Chamkarmon district authorities on Wednesday stopped 20 youths and 10 monks from gathering to commemorate the fourth anniversary of political activist Kem Ley’s murder at a Caltex petrol station at the Bokor traffic light in the capital’s Tonle Bassac commune.
Authorities also took a 30-year-old man named Khan Chanthorn away for questioning after they saw him enter the petrol station wearing a t-shirt with a photo of Ley printed on it.
Boeung Trabek commune police chief Hong Chantheng told The Post on Wednesday that the youths and monks left the petrol station area after being advised by local authorities to do so.
District authorities had previously banned such commemorations.
Chantheng said: “A man wearing a t-shirt with Kem Ley’s picture entered Caltex petrol station. We allowed him to go back home after an hour of questioning. We just educated him and made him sign a contract.
“We did not detain him just because he wore that t-shirt. He did not do anything that caused social disorder. He said he was riding his bicycle along that road. He saw the crowd and went to see it. He did not know anything,” he said.
District governor Theng Sothol and district police chief Yin San could not be reached for comment on Wednesday.
At a district administration press conference on Tuesday, the petrol station’s owner requested authorities to help ensure that business ran normally and there were no disturbances.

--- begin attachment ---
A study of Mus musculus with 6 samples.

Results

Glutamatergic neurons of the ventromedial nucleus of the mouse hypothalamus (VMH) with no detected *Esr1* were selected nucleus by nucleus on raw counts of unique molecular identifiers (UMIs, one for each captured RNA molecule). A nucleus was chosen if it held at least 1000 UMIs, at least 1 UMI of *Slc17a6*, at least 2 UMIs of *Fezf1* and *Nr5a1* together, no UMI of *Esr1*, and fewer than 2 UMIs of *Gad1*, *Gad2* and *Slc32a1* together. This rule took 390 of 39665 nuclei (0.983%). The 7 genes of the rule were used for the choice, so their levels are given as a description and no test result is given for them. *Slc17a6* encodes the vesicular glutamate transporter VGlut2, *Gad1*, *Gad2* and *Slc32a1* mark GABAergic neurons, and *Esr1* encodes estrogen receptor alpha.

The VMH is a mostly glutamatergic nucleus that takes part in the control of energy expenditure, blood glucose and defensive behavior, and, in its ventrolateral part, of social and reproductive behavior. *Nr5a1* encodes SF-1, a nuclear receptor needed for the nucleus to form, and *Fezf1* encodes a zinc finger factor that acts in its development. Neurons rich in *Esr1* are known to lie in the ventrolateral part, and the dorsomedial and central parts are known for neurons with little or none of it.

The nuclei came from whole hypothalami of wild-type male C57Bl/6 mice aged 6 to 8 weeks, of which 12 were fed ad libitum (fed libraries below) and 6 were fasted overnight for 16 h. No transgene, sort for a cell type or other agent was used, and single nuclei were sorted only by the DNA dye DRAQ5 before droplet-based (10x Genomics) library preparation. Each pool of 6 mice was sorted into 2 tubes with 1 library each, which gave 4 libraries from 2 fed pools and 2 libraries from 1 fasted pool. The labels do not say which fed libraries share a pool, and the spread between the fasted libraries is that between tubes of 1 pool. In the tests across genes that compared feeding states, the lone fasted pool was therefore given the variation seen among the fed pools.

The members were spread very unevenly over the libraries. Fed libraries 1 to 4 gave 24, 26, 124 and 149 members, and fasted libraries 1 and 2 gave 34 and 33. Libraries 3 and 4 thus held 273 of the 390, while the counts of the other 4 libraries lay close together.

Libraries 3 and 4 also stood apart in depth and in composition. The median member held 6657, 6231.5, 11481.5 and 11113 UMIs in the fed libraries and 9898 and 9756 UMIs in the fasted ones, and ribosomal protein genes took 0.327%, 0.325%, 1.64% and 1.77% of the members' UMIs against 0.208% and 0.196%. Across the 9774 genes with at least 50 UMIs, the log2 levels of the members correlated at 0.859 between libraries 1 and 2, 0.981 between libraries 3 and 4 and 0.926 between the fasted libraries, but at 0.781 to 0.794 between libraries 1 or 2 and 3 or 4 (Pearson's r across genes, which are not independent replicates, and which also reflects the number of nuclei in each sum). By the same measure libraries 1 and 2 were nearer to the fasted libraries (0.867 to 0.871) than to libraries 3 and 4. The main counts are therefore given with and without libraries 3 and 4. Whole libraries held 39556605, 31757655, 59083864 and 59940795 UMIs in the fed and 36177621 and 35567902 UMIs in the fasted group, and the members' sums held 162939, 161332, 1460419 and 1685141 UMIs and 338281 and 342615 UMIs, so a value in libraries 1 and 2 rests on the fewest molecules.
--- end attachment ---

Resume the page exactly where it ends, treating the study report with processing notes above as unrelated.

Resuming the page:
In line with the law, the administration said it will take measures to ban gatherings in the area as per the request of the petrol station owner. Furthermore, public order and security needed to be upheld.
According to protest laws, those who want to express opinions must go to Freedom Park, Chantheng said.
The Ministry of Health also banned all types of gatherings in the country due to the Covid-19 pandemic. The district administration said they had no choice but to enforce the laws.
Thon Ratha, an environmental activist who joined the commemoration said on Wednesday that youths and monks planned to gather and pray for the soul of Ley who was killed on July 10, 2016.
Ratha said it was interrupted by the authorities who said they could not hold a gathering. The owner of the station, he said, also requested help to maintain public order and security.
“I am sorry about this but I think our action was not illegal. We did this just to give opinions and join social work,” he said.